The Croatian coast offers a full package for travelers, known for its Mediterranean tradition, well-indented coastline, and a trove of biological, cultural and culinary delights. Southern Dalmatia has well-established Adriatic holiday hotspots, like the UNESCO-listed city of Dubrovnik, but one of the charms of sailing Croatia is that you have the opportunity to explore more than just one famous city. Use the opportunity, while sailing, to visit some the lesser-known spots on offer in the Southern Adriatic. Set sail this year from Split to Dubrovnik and discover a route with some really intriguing locations.
Split – Drvenik Veli – Šolta
Drvenik Veli is perfect for the start of your trip. A small island northwest from Šolta, it is well indented with numerous inlets and anchorages with enchanting sand and pebble beaches for you to enjoy. In addition to this natural wealth, you can also explore the traditional stone architecture of the island. These stone buildings of Drvenik are protected as a cultural monument, and they often attract architecture enthusiasts.
On your way south you can find a safe harbor in Maslinica and explore the impressive offer of Šolta. Brimming with wildlife, Šolta is well known for its rich variety of bird species. Šolta offers religious architecture and art from various time periods, some as early as 6th century.
Šolta – Pakleni Islands
Sailing further along the southern Adriatic make a stop at Pakleni Islands. Named after pine resin, these islands are one of the best spots for soaking up the Adriatic suns rays while be shaded by fragrant Mediterranean pines. Pakleni Islands have many beautiful beaches, some of them are naturalist (nudist) resorts so make sure to pick an anchorage you’re comfortable with. You can berth in Palmižana, a touristic favorite in the area and grab a bite in one of the charming and cozy seaside restaurants.
Pakleni Islands – Korčula
On your way to Korčula, consider dropping anchor near the island of Šćedro for a while. This little island in the southern Adriatic is located right next to Hvar prides itself with an unusually favorable climate and scented lavender fields. For three centuries, it was a home to Dominican monks and is known as one of the most idyllic Mediterranean islands. Humans are not the only ones seeking relaxation here; Šćedro is also a common sighting spot for one of the most elusive tenants of the Adriatic, the bottlenose dolphin.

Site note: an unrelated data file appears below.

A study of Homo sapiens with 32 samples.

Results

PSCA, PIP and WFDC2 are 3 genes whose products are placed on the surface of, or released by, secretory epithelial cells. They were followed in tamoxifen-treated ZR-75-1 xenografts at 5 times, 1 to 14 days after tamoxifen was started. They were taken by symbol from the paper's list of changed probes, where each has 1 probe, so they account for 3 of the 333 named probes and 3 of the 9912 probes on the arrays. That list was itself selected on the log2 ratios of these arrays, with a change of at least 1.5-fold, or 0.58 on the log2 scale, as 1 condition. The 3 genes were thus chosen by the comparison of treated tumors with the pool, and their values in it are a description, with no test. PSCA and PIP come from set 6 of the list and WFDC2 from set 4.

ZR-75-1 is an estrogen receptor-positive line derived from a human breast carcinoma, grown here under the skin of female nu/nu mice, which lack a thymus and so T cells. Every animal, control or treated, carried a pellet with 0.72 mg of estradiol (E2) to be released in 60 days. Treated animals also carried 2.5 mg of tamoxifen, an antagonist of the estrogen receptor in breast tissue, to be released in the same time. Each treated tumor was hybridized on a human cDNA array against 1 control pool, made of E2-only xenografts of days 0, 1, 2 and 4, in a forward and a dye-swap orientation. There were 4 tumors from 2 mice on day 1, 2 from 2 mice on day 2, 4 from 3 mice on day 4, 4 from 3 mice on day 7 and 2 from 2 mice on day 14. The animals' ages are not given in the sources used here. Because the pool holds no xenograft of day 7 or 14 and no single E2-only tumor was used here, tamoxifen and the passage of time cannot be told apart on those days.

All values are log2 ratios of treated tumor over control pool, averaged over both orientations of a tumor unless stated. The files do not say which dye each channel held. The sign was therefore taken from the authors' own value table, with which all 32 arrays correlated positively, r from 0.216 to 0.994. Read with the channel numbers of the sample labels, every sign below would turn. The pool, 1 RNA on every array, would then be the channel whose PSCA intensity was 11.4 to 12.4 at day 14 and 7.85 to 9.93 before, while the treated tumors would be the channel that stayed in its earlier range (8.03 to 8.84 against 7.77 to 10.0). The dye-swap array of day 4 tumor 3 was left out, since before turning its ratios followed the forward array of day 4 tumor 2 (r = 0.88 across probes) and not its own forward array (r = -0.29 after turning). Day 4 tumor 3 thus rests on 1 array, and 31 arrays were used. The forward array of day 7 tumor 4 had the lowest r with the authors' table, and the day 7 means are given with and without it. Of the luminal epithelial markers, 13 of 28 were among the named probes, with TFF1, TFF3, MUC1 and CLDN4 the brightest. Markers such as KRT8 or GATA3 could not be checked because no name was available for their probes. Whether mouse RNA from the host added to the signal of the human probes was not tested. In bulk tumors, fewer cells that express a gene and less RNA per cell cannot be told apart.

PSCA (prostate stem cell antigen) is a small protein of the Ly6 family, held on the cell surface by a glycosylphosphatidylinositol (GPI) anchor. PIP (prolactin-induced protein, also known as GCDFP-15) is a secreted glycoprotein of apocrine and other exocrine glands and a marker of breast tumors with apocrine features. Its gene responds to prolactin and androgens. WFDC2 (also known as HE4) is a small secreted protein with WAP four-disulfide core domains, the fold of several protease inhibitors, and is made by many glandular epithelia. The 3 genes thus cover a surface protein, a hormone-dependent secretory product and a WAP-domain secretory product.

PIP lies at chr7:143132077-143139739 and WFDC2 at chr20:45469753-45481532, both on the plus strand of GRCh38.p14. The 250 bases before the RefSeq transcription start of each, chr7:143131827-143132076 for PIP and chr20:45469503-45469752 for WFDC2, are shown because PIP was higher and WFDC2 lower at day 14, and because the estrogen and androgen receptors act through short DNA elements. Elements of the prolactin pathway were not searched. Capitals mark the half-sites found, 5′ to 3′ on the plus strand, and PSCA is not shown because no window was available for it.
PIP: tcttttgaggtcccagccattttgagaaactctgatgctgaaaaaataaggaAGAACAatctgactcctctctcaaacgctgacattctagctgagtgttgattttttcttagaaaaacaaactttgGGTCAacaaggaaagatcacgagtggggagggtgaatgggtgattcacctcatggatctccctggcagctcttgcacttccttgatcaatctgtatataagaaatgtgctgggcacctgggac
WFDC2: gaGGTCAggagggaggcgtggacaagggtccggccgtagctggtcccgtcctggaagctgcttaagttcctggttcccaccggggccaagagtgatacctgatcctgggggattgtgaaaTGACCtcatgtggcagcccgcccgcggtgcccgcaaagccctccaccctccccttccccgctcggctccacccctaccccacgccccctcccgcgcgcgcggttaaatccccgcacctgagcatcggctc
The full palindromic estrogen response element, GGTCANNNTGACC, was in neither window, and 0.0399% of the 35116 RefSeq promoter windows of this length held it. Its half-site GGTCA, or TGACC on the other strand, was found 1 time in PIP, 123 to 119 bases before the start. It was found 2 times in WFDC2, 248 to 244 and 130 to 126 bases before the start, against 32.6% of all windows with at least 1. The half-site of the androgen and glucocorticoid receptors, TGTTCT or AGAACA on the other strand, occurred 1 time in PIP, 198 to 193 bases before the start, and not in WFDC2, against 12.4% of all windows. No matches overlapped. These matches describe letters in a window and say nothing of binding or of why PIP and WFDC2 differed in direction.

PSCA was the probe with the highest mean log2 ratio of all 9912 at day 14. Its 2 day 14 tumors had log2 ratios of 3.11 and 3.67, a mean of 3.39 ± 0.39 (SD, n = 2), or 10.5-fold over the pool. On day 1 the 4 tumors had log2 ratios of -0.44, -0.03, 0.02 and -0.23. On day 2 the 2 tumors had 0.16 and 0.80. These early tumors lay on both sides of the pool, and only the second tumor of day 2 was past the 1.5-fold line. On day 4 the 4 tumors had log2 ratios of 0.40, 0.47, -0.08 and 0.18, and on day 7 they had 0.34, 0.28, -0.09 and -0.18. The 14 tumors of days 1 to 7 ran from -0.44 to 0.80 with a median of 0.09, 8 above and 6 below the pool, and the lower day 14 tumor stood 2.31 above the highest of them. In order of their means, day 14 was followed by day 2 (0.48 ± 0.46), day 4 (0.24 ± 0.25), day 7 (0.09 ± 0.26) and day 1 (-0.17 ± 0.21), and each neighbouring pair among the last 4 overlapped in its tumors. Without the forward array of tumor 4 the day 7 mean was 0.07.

Korčula Island abounds with beautiful anchorages, and if you want to safely nestle in a harbor, Korčula Town has a marina providing 159 berths and all the necessary facilities. Make sure to explore the place that many Croatian’s believe to be the hometown of Marko Polo and enjoy the scenic cobblestone ambiance.
Korčula – Mljet
Mljet can truly be called the Emerald of the Adriatic. Recognized as one of the most forested islands of the area, this gem is also one of Croatia’s eight national parks, this one known for mud, and salt lakes. Even though the island itself is a true natural paradise, the waters around it hide dark secrets of ancient shipwrecks.
Drop your anchor in the bay Prožura (approach it from the west side of Planjak to avoid the dangerous shoals on the east) where you can find an undisturbed village that formed through the 15th century around a Benedictine church and monastery. Find out what charm drew Dubrovnik’s aristocracy to make this location a preferred 17th century holiday spot and appreciate the exquisite architecture they left behind.
Mljet – Elafiti Islands
Steer towards Šipan the largest in the chain of Elafiti islands. An island with numerous anchorages, unsullied nature, and unavoidable 16th-century villas, it is every Roman emperor’s dream brimming with all kinds of Mediterranean fruits like almonds, citrus fruits, carob, olives, and figs.
Elafiti Islands – Dubrovnik
Dubrovnik is a true sensation of the Adriatic coast. Under the protection of Saint Blaise and its impressive fortification walls, this city prides itself with an eventful history marked by numerous cultural and historic sites. Thanks to this, however, it is always brimming with crowds of people, so if you’re not a fan of large groups of tourists make sure to plan your visit accordingly.
The sailing boat is a perfect vessel for exploring the rich area of the southern Adriatic allowing you to explore every nook of the coastline. Choose the boat that will allow you to make the most out of your trip and if you have any uncertainties you can let a quality yacht charter agency help you out or book a Sailing trip book a Sailing trip where all the hard work is done for you.
Keep your eye on the sirocco and savor all the tastes of the Croatian coast. Smooth sailing!